Even Amid Spreading Violence, Time Mostly Stands Still in Mixed Yaffo
Translated by Jessica Cohen
Not far from where I write, in my rented apartment in Yaffo, a bus was stoned last week. The driver said he was on his route in the evening when he saw a group of masked young men waving Hamas flags. And then the windows were shattered. But there were no injuries. Mainstream Israeli media described what-did-not-happen as a pogrom.
The atmosphere in Israel is extremely violent — perhaps more than it has ever been. Israelis seem unable to understand where these people have come from, who start chasing us down the streets with knives. Now there’s talk of curfew, of closure, of bombings. As if that could possibly stop desperate people who have nothing to lose. No one talks about peace anymore, or about the occupied territories, or the standstill in the political process. Almost 20 years have passed since Yitzhak Rabin was assassinated, and it’s become just another anniversary.
My colleagues from the younger generation — writers and poets in their early twenties — have known practically no regime except that of the all-powerful Benjamin Netanyahu. Some of them identify, almost reflexively, with the right-wing: Others are considering ways to leave Israel. Where to? Berlin, New York, London.
Like the title of Charles Baudelaire’s prose poem, they want to be “Anywhere out of the world.”
Still, there is coexistence in Yaffo. The city was founded thousands of years ago, and is known by Arabs as Arous al-Bahr — “bride of the sea.” In the early 20th century, both Jews and Arabs lived here, with an Arab majority. But in the beginning of 1948, even before the war broke out, Yaffo collapsed. The wealthy residents left first, then the community leaders. They fled to Lebanon, to Syria, to places where people find refuge. After Yaffo’s surrender, it was occupied by Israel, and the Arab majority was soon overtaken by a Jewish one. Today, Yaffo is part of the Tel Aviv municipality.
Coexistence between Jews and Arabs in Yaffo is mostly evident in the fact that people simply live together, or rather, alongside each other — neither by the knife, nor by the olive leaf. Their lives are led in parallel, with frequent intersections. Jews come here to eat hummus. Soldiers on furlough, come here too. The Arabs greet them politely, although in some places they are bolder, wearing T-shirts with a slogan in Hebrew and Arabic: “Jews and Arabs refuse to be enemies.” There is even a straight-friendly bar where young men of both nationalities dance together. Strangers who happen upon this place might rub their eyes in disbelief. The young Palestinians feel close to their Jewish peers, yet at the same time light years away from them. They cultivate nationalist sensibilities, but make love with members of both nationalities. Their parents and siblings often maintain remarkably middleclass lifestyles, with regular jobs, houses, cars.
Land in Yaffo is worth a fortune. Seasoned developers buy it and sell it and build high-rises on it. Organic markets flourish, but the neighborhoods are still dotted with old-time Jewish Bulgarian restaurants, as well as Arab humus eateries. On the beach in Ajami, Arabs sit smoking hookahs and staring out at the sea, well into the night. Time seems to stand still here, and to these old men, so does the occupation. It’s the slow pace of the East, of the Levant. Skyscrapers tower above Yaffo’s over-achieving sister, Tel Aviv. That’s where business is conducted, and not just in real estate. Everyone thinks it’s the city that never stops, but they’re wrong: in cities that really never stop — like Cairo, São Paulo, or Istanbul — you can always find a lull within the turmoil.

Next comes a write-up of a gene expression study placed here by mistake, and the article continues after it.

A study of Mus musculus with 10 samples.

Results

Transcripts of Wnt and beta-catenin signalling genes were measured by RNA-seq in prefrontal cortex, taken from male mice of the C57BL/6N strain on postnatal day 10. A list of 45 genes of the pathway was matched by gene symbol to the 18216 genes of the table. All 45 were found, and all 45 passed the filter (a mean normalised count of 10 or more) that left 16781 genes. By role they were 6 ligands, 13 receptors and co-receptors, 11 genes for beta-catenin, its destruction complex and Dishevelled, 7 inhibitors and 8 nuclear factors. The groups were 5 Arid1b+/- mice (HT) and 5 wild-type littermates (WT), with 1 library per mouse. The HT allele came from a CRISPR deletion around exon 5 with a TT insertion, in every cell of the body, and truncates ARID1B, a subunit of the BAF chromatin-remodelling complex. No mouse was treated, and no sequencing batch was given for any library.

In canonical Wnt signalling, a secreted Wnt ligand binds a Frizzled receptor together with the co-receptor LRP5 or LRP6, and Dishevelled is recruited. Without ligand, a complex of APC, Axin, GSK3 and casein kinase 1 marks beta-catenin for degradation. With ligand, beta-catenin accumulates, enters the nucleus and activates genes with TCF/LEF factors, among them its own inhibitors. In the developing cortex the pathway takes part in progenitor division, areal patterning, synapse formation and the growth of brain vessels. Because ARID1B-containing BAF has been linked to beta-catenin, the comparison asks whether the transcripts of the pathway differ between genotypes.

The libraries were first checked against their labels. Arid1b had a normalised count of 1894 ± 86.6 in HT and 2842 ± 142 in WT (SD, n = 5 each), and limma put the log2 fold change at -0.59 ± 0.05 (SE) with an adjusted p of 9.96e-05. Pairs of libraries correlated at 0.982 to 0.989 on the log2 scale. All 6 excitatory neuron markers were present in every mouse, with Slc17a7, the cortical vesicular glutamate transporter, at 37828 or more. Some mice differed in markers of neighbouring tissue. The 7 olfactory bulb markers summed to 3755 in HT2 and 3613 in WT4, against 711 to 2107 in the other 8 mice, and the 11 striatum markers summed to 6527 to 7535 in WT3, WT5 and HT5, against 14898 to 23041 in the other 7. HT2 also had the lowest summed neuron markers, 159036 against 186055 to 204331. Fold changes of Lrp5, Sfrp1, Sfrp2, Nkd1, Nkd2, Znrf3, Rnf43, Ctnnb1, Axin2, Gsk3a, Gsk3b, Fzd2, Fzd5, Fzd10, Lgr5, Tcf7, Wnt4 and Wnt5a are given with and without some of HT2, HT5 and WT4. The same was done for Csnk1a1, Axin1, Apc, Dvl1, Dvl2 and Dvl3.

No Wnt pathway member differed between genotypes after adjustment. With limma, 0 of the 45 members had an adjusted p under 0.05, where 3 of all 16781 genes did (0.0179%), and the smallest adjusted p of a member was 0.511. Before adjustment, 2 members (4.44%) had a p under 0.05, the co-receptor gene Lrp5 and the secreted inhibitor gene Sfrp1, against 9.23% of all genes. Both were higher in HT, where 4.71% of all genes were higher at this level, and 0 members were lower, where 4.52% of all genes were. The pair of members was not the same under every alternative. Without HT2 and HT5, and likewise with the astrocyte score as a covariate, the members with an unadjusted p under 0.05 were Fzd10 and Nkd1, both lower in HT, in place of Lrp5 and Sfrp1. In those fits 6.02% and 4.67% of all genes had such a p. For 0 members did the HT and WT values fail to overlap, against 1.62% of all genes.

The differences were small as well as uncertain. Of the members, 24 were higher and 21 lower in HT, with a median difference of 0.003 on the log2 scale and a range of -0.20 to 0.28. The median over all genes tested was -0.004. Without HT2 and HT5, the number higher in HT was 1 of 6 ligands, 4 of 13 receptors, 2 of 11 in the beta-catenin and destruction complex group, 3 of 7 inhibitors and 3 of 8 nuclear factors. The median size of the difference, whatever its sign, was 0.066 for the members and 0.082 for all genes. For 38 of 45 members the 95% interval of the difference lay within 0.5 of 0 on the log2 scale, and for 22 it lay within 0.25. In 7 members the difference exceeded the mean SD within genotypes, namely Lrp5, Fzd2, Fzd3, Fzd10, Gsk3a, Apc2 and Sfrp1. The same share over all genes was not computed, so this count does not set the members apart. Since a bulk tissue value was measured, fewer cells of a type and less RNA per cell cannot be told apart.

My family came to Tel Aviv from Cairo and Damascus. They left behind full, beautiful lives and came here penniless but proud. They did not build this country. They did not fight, or kill, and they received no medals of honor. They were not strategists. They spent their lives sitting at home, waiting. My grandfather, also Moshe Sakal, was a native son of Damascus, where he wrote prose in Arabic. His best friend in Israel was an Arab from Yaffo. When he came here, in 1949, my grandfather stopped writing. The Hebrew language did him in. I write prose in Hebrew, but on days like these it’s hard to lift the pen. Not long ago, in those lost days of Oslo, there was widespread faith in the ability of writers and intellectuals to bring about profound changes in society. I am sorry to say that, at this point in our relationship, we are unable to deliver the goods. And that holds true for both Palestinian and Israeli peace-lovers. Amos Oz, David Grossman, A.B. Yehoshua and the rest of the old-guard of Israeli literature epitomized the enlightened Israeli intellectual, believing that dialogue between sane people on both sides would bear fruit. But for my generation, those gestures seem insufficient to effect real change.
Now I sit at home in Yaffo. Around the country people repay each other with knives. On Facebook they brandish even sharper, more violent weapons. But I am trying to write a story about a different space, about a time when the Middle East was steeped not only in blood but in love. That was before they built high walls between states the way a surgeon does reconstructive surgery — gently but decisively. I only hope there will be someone left to tell the story to.
Moshe Sakal is the author of five books and the recipient of a Fulbright grant to study at the International Writing Program at the Univeristy of Iowa. His essays have appeared in Ha’aretz, Le Monde and elsewhere.